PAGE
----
Now, don't be mistaken: this Damascene conversion on the part of a few Republican senators is due more to the stranglehold that the Democratic Party has on immigrant voters, rather than to any true change of heart that maybe it would be a good idea to decriminalize 11 million US residents. One can be forgiven if the motivations of a party which has spent the better part of 30 years demonizing immigrants—especially Latino immigrants—are at best questionable now that it has seen the light. The immigration plan is so far merely a blueprint; much work still needs to be done before anything comes to a vote. But it is a sign that at the very least the leadership of the Republican Party realizes that if it is not to descend into the status of a rump regional party, it needs to do something to appeal to constituencies which are now firmly in the Democratic camp, and look to be so for the foreseeable future.
As a child of immigrants, I welcome this new development. It's the height of nationalist chauvinism to deny that this country—from its very founding—was built on immigration. Certainly the English colonists were not native born.
However, that chauvinism exists, and it is strong in today's Republican Party. And that chauvinism—even if the reforms make it through Congress—is what might make this process a Republican Waterloo.
One of the Tea Party planks is to "secure the border". Forget that President Obama has taken more steps to do just that than any previous modern President; to the Teabagger faithful, the southern border with Mexico is an open sewer, spilling out the refuse of the Latin countries into the pristine pastures of America. No amount of factual analysis will convince them that Obama and the Democrats want nothing less than the wholesale remaking of the United States as a culturally "Third World" nation. As TPM notes about any immigration effort in the House:
The House, whose members are more conservative and less threatened by a rising Latino vote than most statewide officials, is considered a much tougher climb for reform advocates.This is a House caucus dominated by the Tea Party, which has made scapegoating immigrants a major part of its belief system. And, at least in the short term, many of these Tea Party representatives are secure in their seats due to gerrymandering. Republican senators see the writing on the wall, as they have to compete statewide, not in discrete districts; but the base wants nothing other than a militarization of the US-Mexico border, expulsion of undocumented immigrants, and a severe curtailing of legal immigration. They feel that their culture and way of life faces an existential threat. A signature line I see on various comment boards is a variation of "Press 1 for English, Press 2 until you learn to speak English." (Sometimes I see them lovely substitution of "speak American" in place of "speak English", which is a wonderful commentary on our education system.) This fear of the Outsider has been a strain in American politics and society since the Republic's inception; it has become more pronounced and rabid since the election of the country's first black President, and the obvious and unavoidable logic of the nation's rapidly changing demographics. Such fear will not be assuaged by pronouncements from a commission of border state governors and attorneys general which will report on efforts to secure the border, whose recommendations will be solely advisory, with no power to affect policy.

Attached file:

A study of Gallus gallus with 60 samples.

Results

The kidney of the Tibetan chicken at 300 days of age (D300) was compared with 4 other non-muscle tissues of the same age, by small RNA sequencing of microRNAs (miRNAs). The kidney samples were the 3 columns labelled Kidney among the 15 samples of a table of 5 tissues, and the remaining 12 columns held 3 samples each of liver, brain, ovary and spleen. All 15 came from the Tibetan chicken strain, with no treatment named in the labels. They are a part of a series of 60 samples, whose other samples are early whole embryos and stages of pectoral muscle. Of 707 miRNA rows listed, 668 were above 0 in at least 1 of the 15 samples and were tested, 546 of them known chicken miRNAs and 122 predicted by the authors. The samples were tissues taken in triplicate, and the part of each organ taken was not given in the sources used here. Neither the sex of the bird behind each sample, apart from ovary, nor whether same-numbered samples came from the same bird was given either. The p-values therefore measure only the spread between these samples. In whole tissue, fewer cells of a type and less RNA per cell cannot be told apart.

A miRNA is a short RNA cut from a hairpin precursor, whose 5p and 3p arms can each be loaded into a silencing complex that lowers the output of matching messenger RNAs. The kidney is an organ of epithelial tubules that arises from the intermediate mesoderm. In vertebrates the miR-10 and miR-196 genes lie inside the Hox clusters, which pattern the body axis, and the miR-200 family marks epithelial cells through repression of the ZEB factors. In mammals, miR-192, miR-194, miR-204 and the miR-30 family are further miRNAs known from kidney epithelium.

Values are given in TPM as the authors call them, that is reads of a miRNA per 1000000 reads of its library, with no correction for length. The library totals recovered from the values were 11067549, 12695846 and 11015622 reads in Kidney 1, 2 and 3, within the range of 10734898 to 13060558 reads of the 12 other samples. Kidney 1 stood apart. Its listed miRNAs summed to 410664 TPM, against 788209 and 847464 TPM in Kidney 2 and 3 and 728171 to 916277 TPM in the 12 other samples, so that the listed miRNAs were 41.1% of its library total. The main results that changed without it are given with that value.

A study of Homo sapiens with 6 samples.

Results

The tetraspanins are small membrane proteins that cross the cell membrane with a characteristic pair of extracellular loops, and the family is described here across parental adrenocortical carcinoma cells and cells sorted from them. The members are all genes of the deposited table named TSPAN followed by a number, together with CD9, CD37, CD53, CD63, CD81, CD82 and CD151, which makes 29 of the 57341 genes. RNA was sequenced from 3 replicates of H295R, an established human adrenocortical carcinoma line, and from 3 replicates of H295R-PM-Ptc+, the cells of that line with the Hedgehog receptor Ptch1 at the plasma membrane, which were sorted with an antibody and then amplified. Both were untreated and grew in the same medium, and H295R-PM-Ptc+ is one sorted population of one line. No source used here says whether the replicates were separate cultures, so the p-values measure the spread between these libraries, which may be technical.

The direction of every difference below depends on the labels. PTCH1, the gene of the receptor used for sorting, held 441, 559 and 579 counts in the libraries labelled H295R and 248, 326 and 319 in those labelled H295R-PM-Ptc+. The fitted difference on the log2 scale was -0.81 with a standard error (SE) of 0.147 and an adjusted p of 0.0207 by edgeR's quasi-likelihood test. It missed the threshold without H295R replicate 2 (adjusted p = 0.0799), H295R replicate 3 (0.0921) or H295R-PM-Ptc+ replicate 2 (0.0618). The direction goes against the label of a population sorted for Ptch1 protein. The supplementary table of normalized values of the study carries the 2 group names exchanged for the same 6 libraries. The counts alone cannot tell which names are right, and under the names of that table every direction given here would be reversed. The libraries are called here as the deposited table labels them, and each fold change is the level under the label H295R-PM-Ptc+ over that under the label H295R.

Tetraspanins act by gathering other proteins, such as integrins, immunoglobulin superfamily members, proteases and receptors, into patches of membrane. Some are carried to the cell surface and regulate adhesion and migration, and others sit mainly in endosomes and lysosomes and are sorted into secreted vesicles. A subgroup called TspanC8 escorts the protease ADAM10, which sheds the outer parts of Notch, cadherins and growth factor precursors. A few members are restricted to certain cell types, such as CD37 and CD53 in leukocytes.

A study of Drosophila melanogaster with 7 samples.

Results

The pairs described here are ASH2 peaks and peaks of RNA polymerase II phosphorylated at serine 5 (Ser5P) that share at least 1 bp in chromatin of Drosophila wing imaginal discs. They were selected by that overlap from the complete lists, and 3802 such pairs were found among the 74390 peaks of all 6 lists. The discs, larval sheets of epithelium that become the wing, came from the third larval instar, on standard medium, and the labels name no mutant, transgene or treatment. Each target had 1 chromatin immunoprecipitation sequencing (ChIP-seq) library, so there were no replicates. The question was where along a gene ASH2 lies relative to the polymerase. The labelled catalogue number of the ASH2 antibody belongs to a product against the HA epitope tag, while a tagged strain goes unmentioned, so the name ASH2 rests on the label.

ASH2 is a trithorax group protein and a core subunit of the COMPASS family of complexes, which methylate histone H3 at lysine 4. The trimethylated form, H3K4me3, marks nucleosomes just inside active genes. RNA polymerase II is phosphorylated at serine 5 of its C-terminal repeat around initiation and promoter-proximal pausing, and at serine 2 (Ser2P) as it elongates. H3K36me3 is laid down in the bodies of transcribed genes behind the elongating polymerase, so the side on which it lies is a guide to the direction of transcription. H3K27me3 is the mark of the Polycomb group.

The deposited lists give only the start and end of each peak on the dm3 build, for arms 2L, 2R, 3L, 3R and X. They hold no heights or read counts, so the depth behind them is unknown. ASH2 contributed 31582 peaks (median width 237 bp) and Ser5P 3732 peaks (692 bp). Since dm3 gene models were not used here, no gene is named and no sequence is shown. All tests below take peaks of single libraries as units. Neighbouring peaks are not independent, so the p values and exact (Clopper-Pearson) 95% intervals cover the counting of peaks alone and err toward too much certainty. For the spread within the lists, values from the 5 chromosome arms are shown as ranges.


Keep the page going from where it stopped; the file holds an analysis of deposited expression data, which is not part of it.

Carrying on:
The Tea Party, the creature created by the billionaire backers of the GOP, is the kingmaker in this immigration drama. As Rep. Steve Israel commented on MSNBC's "Jansing & Co." this morning:
Well, you know, Jackie Kucinich had it exactly right.... It's all about whether the House Republicans are willing to stand up to the Tea Party base... What it comes down to now is will these House Republicans who have pandered to their intolerant Tea Party base, who have fed into the extremism of the Tea Party base, are they willing to stand up to the Tea Party and do what's right for America.My analysis? Immigration reform will pass, but only by the barest of margins, and only after the Republicans further alienate immigrant voters by the actions of the rabid Teabagger base. The radicals in the House will not make passage easy; passage, if it comes, will be a result of Democrats and a rump Republican caucus which is interested in avoiding a bloodbath come 2014 joining together and passing the Senate bill.
But the damage to the Republicans will be done. The credit for immigration reform will go to Obama and the Democrats. Republicans will be seen as being along for the ride, the few who do vote for it; for the most part, the actions of the Tea Party will paint the GOP as again the party which wants no immigration, legal or illegal. The only way that the GOP will be dislodged from the House will be to have another wave election as in 2006; the fights that Obama and the Democrats are picking, besides being aimed at enacting good policy for the country, are also aimed at rupturing what's left of the GOP coalition, weakening it sufficiently to be defeated, while keeping the Democratic base and commonsense independents excited to turn out for the midterms.
Some Republicans are jumping on the immigration reform train as one part of an effort to stave off an electoral Waterloo. But why should any constituency belittled and scapegoated by the right believe its good offices. Especially as Rush Limbaugh and other members of the Right's wurlitzer have pledged to stop "amnesty" in its tracks. The reform will pass, but the GOP will do itself no favors, thanks to the monster it created and no longer controls.
So, I welcome the few Republicans who now support immigration reform, even if they're only doing it out of fear of the coming tide. It will, however, do them no good politically, as too few will support reform, and those who oppose it will be the face of the GOP that the nation sees.